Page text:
I Work Out

Carrie Profile PicThis is a blog post written by student staff member, Carrie Cleveland.

This post is reflective of my own journey in trying to embrace who I am while trying to work on improving my overall health.  I chose to write about what I am doing because it is an important part of who I am right now. Everyone has their own path, this just happens to be mine.

So I joined a gym. Not just a regular gym with a bunch of treadmills and elliptical machines. I joined  Conquest Brazilian Jiu Jitsu and MMA gym. I mean, what middle aged, overweight woman decides that this is the way that she’s going to lose weight?  At least, I didn’t think it would be my personal path. But, it went something like this…

I saw a post on Facebook for a weight loss challenge that said that for $100 I’d receive 10 weeks of classes and nutritional coaching. There are classes specifically for women called Fight Fit. They are like Crossfit mixed with some punches and kicking. I also get access to their yoga classes.  I love me some yoga!  I thought “what the hell?!” and I signed up.


The first day that I walked in to the gym, I was measured and my weight was taken. I knew the woman who was doing this for me, and when I stepped up on the scale, I cried. I was so upset with myself that my weight was as high as it was. I immediately felt a sense of shame, but I did not want to let that shame stop me from taking the next step on this journey.


After the traumatic weigh in, I walked in and started my class. Everyone looked super fit and healthy and in shape. I mean, professional MMA fighters train at this gym. Come on! I definitely thought my fat ass did not belong there (this warrants an entire post on its own but this blog sort of sums it up) but I got through that first workout with some modifications. I was surprised though that all these people that I just met were amazingly supportive. I think I had a preconceived idea that everyone would be super judgy and think I did not belong. The instructors all were willing to meet me where I am at and help me modify some things so I could get through the workouts.  I was not expecting the huge levels of support I would receive from all of them and truly, it is priceless.

The next day I woke up and could barely move. My entire body hurt. Every muscle was sore. By the end of that day I basically crawled into bed and just curled up in a ball because I felt like I could no longer function. Then Monday came and I did something I thought I would not do.

I went back.

I took another class, and I was so surprised because it was hard and the workout SUCKED, but I did it. I got through it and I was so proud of myself. The other women in the class were cheering me on and encouraging me. I mean who does not want that?!?!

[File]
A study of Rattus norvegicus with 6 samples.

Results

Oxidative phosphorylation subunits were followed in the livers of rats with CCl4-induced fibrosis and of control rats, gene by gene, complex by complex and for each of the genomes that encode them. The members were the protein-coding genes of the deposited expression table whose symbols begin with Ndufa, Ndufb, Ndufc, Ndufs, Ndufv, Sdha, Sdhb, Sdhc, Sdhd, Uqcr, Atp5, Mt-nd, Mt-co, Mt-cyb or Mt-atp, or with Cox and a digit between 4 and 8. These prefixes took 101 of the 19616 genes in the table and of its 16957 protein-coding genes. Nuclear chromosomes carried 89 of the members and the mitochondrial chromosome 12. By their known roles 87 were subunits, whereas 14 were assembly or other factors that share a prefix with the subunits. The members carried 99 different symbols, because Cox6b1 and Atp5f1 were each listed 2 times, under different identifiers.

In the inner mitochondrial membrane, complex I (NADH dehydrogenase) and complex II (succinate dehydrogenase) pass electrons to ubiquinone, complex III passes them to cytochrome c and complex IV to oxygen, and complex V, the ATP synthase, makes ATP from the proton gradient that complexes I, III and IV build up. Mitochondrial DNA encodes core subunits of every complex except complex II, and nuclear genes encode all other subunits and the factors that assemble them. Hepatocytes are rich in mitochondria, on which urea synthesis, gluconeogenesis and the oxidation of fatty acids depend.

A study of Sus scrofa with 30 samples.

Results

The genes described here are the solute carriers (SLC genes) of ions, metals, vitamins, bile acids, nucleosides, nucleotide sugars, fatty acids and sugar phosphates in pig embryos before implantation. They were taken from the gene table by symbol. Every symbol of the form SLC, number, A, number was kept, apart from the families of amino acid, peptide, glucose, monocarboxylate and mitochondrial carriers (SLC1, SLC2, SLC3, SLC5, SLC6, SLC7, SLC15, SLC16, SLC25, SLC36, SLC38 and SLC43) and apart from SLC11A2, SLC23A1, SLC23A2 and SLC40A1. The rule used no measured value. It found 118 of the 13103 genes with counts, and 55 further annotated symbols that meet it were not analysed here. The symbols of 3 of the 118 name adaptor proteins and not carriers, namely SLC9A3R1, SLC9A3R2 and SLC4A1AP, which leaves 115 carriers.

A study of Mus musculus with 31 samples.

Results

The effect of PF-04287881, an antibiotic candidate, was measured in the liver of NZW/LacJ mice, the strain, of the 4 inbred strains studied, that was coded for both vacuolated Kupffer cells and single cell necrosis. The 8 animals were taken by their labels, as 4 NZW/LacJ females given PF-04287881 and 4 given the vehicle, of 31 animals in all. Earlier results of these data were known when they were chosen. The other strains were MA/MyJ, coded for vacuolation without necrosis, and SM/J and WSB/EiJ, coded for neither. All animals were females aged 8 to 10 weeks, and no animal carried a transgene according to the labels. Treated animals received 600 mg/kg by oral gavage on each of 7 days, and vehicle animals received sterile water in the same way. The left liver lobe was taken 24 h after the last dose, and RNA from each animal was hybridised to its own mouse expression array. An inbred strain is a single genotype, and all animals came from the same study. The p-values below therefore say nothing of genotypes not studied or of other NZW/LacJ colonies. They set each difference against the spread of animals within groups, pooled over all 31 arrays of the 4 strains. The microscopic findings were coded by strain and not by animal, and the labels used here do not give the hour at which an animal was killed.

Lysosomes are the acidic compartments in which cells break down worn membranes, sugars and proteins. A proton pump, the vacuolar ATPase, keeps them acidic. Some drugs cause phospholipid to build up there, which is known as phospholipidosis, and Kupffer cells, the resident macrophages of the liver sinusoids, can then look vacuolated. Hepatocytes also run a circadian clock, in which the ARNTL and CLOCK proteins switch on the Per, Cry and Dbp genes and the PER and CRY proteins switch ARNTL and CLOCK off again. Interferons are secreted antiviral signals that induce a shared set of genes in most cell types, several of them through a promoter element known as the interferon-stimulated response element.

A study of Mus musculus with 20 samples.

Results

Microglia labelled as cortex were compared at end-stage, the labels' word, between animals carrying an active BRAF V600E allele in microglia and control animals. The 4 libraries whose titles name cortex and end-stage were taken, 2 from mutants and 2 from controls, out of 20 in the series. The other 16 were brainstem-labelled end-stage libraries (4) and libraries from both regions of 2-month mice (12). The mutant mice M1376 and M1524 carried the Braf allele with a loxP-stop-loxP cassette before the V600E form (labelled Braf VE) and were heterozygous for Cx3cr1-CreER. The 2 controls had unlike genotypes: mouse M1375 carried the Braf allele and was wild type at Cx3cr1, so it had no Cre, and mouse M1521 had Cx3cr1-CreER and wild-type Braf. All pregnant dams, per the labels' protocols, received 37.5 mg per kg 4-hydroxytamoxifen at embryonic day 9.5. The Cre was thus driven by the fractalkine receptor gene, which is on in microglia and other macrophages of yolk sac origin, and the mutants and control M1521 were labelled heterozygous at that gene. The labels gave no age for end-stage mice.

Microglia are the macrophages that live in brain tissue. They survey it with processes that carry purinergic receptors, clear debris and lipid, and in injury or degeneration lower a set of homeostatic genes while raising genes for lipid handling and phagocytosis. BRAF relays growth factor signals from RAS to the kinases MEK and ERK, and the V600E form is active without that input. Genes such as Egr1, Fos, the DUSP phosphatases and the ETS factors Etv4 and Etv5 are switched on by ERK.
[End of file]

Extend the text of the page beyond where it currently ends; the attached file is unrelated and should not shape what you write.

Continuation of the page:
For the past five weeks I have gone to classes almost regularly. I have made modifications to my diet like eliminating sugar and alcohol, and it is making a difference. I have noticed small changes in myself and I am shocked. My pants are looser. I am less sore after a workout. My wedding rings fit again after what feels like forever. Today, one of my friends stopped me and told me I looked good.  It was such a great affirmation of my hard work and even though I know my value is not determined in how I look or how much I weigh, I do appreciate someone noticing that I am working on me.

I have five weeks to go and I think I have a real chance of winning the challenge. After these first few weeks though I realize it is not about the potential prize at the end, it is about me. Many women, myself included, spend so much time taking care of other people that we put ourselves last on our own list. I am so guilty of this and I need to do better. I need to make myself a priority and that is what I am doing right now. I stepped out of my little box of fear and I tried something new. When I did that I found a gym that met me where I am at and embraced the person I am.  The trainers, yoga instructor, and the other students have been nothing but encouraging and helpful.

Daniel recently wrote this blog about how important it is that we treat ourselves with love. His words ring so true to my own journey in valuing myself and my body.  Although our paths are different, I believe our destinations are similar.  We just want to feel good about the body we are in. This is very reflective of what the body positivity movement is trying to teach all people. I am a work in progress but I feel good for the first time in a long time about who I am TODAY and who I can be TOMORROW.